Ghosts of projects past haunt Intel graphics chip

The recent cancellation of Larrabee is a reminder that Intel has made major product missteps before. So where does it go from here?

Intel's checkered past on some large projects means the chipmaker must prove that Larrabee isn't a development flub that will simply be kept on life support for the next few years.

An Intel session on Larrabee technology in 2008 when hopes were high.
An Intel session on Larrabee technology in 2008 when hopes were high. Brooke Crothers

As reported last week, Intel's Larrabee graphics chip was killed as an initial product offering after protracted delays, demonstrating that as successful as Intel is, it's not immune to major product missteps.

If certain product histories are any indication, the challenge could be daunting. Intel's XScale processor for small devices--which was used in Compaq handhelds back in 2000--was sold off to Marvell in 2006 after an unsuccessful run. And its Itanium processor has been the object of perennial ridicule as a product hanging on for dear life after getting off to a very rocky start back in 1998. Sun Microsystem's former CEO Scott McNealy eventually dubbed the chip the "Itanic" as a play on the word Titanic.

"If you go back in history when they started down the Itanium path in the mid-90s, they said they were going to have a really whiz-bang product, but by the time they finally got it out, it was decidedly ho-hum or even worse," said Nathan Brookwood, principal analyst at Insight 64.

"They've learned that you don't ship a product the first time around so that when it finally does appear people go 'What was all the fuss about?'" he said.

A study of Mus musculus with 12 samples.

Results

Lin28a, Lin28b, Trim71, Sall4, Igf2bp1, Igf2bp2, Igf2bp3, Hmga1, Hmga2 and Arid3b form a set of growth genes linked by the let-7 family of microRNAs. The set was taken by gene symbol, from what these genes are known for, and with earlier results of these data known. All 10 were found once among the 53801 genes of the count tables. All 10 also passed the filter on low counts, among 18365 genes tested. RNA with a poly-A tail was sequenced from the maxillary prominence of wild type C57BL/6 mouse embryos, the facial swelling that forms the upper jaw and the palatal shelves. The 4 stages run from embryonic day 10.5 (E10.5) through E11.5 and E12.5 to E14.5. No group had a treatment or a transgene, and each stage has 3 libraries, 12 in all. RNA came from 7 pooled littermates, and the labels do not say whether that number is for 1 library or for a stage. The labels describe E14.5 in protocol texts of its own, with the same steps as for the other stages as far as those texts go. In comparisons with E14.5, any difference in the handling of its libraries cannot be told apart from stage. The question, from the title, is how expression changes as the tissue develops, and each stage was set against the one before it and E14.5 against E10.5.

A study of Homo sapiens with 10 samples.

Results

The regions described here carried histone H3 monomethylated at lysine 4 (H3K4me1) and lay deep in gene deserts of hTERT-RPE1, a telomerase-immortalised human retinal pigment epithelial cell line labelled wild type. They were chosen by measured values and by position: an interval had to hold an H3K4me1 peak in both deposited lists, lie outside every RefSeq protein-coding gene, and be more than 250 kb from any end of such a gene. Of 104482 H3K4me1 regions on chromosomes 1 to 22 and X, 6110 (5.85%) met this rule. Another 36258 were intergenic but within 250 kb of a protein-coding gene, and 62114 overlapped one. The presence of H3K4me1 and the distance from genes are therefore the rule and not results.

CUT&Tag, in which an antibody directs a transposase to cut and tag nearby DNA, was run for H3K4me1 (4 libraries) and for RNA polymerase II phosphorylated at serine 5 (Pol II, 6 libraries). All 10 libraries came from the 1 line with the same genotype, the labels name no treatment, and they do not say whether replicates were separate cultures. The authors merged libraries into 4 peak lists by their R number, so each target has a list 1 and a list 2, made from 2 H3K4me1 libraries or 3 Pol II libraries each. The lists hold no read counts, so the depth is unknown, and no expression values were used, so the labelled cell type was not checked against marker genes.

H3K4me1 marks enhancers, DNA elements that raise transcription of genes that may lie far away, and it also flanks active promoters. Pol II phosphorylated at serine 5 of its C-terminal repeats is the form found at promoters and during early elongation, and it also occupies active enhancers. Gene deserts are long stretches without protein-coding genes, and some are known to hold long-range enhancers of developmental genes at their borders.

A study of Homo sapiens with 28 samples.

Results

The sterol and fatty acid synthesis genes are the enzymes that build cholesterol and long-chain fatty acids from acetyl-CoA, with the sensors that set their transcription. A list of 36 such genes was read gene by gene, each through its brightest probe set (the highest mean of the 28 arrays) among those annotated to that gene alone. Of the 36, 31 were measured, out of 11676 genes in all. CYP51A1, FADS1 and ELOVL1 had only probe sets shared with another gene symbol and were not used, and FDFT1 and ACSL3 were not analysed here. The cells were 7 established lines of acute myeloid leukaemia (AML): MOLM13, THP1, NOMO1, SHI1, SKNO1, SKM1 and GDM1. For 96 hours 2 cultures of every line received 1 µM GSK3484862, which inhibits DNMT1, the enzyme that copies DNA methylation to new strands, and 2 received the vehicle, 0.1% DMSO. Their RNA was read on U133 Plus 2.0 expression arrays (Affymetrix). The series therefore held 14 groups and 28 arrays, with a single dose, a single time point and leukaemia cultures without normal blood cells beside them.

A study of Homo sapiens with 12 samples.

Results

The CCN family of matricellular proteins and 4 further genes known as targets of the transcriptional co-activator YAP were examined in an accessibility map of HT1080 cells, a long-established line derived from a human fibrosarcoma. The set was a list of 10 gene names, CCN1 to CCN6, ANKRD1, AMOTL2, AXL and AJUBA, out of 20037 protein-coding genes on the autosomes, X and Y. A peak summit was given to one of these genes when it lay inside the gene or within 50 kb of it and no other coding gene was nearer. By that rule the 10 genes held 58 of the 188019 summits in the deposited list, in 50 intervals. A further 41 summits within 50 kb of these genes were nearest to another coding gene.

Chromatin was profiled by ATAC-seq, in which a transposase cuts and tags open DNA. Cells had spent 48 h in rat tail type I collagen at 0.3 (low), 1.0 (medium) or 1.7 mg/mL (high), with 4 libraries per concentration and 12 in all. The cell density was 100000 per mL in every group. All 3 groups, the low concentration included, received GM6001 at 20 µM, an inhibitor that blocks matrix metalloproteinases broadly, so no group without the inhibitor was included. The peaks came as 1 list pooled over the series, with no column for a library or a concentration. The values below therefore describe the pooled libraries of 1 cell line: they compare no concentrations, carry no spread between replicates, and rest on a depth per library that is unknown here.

Larrabee, as we know now, was not ready for prime time. "It was for all intents [and] purposes an Intel project--a test bed, some might say a paper tiger," said Jon Peddie, president of Jon Peddie Research, writing in a blog.

For better or worse, Intel is expected to forge ahead with Larrabee, with a real product not appearing until 2011, according to Brookwood, who suggests that Intel should begin fixing things by replacing Larrabee's aging processor core with the more power-efficient Atom technology used today in Netbooks. And that's not all. "They need to revisit practically every major architectural decision in order to compete with Nvidia and ATI," he said. ATI is Advanced Micro Devices graphics unit.

If and when Larrabee reemerges, by that time, graphics chip software developers will have become schooled in technologies like OpenCL and DirectCompute--which speed computing tasks on Apple and Windows-based computers, respectively--using Nvidia or ATI chips. This renders Intel's plan for developers to flock to its tried-and-true "x86" platform next year doubtful. "Now this scenario will play out differently," according to Brookwood, who wrote at length about the Larrabee issue here.

There are other, more esoteric consequences, too. The Larrabee setback complicates planning for a next-generation Intel chip architecture called "Haswell," slated for 2012, according to Brookwood's post. Haswell was expected to incorporate a derivative of the Larrabee design, but now that's less likely considering that the chip will be an unproven design for the foreseeable future.

But no one is counting Intel out of course. The world's largest chipmaker is one of the most formidable competitors on the planet. Intel will, at the very least, incorporate Larrabee's "parallelism"--the ability to use its many processing cores to accelerate computing tasks--into future products. And Larrabee could emerge yet as a stand-alone whiz-bang product. "Intel invested a lot in Larrabee in dollars, time, reputation, dreams and ambitions, and exploration. None of that is lost. It doesn't vanish. Rather, that work provides the building blocks for the next phase," Peddie said.

Intel declined to comment for this story.

About the author

Brooke Crothers writes about mobile computer systems, including laptops, tablets, smartphones: how they define the computing experience and the hardware that makes them tick. He has served as an editor at large at CNET News and a contributing reporter to The New York Times' Bits and Technology sections. His interest in things small began when living in Tokyo in a very small apartment for a very long time.